Trump Administration Claims Obama's Fuel Economy Rules Could Kill 12,000 More Americans

Cheaper gas and more fuel-efficient cars would cause more traffic deaths, claims the Trump Administration.

Chris Kleponis/picture-alliance/dpa/AP Images

As part of its continuing argument to roll back Obama-era fuel economy standards, the Trump Administration now claims that people would drive their more economical cars more and expose themselves to more risk of crashes, reported the Associated Press.

According to The New York Times, Jeffrey A. Rosen, a former George W. Bush administration official known for his zeal to undo federal regulations, and Heidi King, the deputy administrator of the Transportation Department’s National Highway Traffic Safety Administration, back an analysis showing that the Trump proposal would save lives in car accidents. This analysis shows that the Obama rules would lead to as many as 12,000 more traffic fatalities.

The problem, claims the Trump Administration, is two-fold. First, superior fuel economy would mean that consumers would pay less to fill their gas tanks, encouraging them to drive more than they already do, and putting themselves at more risk by being on the road more. Second, more fuel-efficient cars that meet the Obama plan's goals would be made of more lightweight materials and therefore not protect their occupants as well in the event of a crash.

"Allow me to be skeptical," Giorgio Rizzoni, an engineering professor and director of the Center for Automotive Research at Ohio State University, told the Associated Press. "To say that safety is a direct result of somehow freezing the fuel economy mandate for a few years, I think that’s a stretch."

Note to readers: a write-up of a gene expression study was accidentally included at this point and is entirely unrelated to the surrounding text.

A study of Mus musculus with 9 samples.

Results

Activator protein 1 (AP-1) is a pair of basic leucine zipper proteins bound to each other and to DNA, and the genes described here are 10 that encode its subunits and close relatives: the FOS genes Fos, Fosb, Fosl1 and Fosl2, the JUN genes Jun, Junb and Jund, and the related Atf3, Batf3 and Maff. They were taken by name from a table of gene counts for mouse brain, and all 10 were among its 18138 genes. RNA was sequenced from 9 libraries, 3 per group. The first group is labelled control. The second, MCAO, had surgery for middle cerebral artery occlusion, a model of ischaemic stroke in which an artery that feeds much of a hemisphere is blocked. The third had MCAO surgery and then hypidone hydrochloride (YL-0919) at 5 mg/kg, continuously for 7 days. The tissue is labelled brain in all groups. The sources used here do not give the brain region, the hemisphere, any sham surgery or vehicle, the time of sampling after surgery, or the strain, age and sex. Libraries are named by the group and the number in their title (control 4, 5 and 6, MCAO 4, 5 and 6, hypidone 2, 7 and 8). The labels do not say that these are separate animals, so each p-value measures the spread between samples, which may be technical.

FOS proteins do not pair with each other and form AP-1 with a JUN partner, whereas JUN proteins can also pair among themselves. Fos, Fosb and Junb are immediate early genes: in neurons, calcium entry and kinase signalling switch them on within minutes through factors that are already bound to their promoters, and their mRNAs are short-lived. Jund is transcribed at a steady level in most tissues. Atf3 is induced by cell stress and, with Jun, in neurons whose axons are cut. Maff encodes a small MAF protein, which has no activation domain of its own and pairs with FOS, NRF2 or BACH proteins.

Some government organizations aren't entirely on board with the Trump Administration's statements. Luke Tonachel, director of the clean-vehicle program at the Natural Resources Defense Council, said the risk from people driving more due to higher mileage is "tiny and maybe even negligible."

While the laws of physics would indicate that in a crash between a large car and a small car the small car would fare worse, it's not quite that simple. Lightweight materials such as aluminum can be as strong as steel while weighing significantly less. Additionally, the proliferation of airbags all over vehicle interiors helps to keep passengers safe in even the least expensive modern cars.

It appears that the EPA acting administrator Andrew Wheeler may not entirely agree with the analysis either, despite the agency, under then-administrator Scott Pruitt, being at the forefront of the fight against the Obama-era fuel economy standards. According to the Associated Press, Wheeler told a small group of reporters at EPA headquarters last week that "I think we need to go where the technology takes us" when asked if he thinks a freeze in U.S. mileage standards is warranted. EPA spokespeople did not respond when asked if Wheeler was saying that cars can be both fuel-efficient and safe, contrary to the Trump Administration's claims.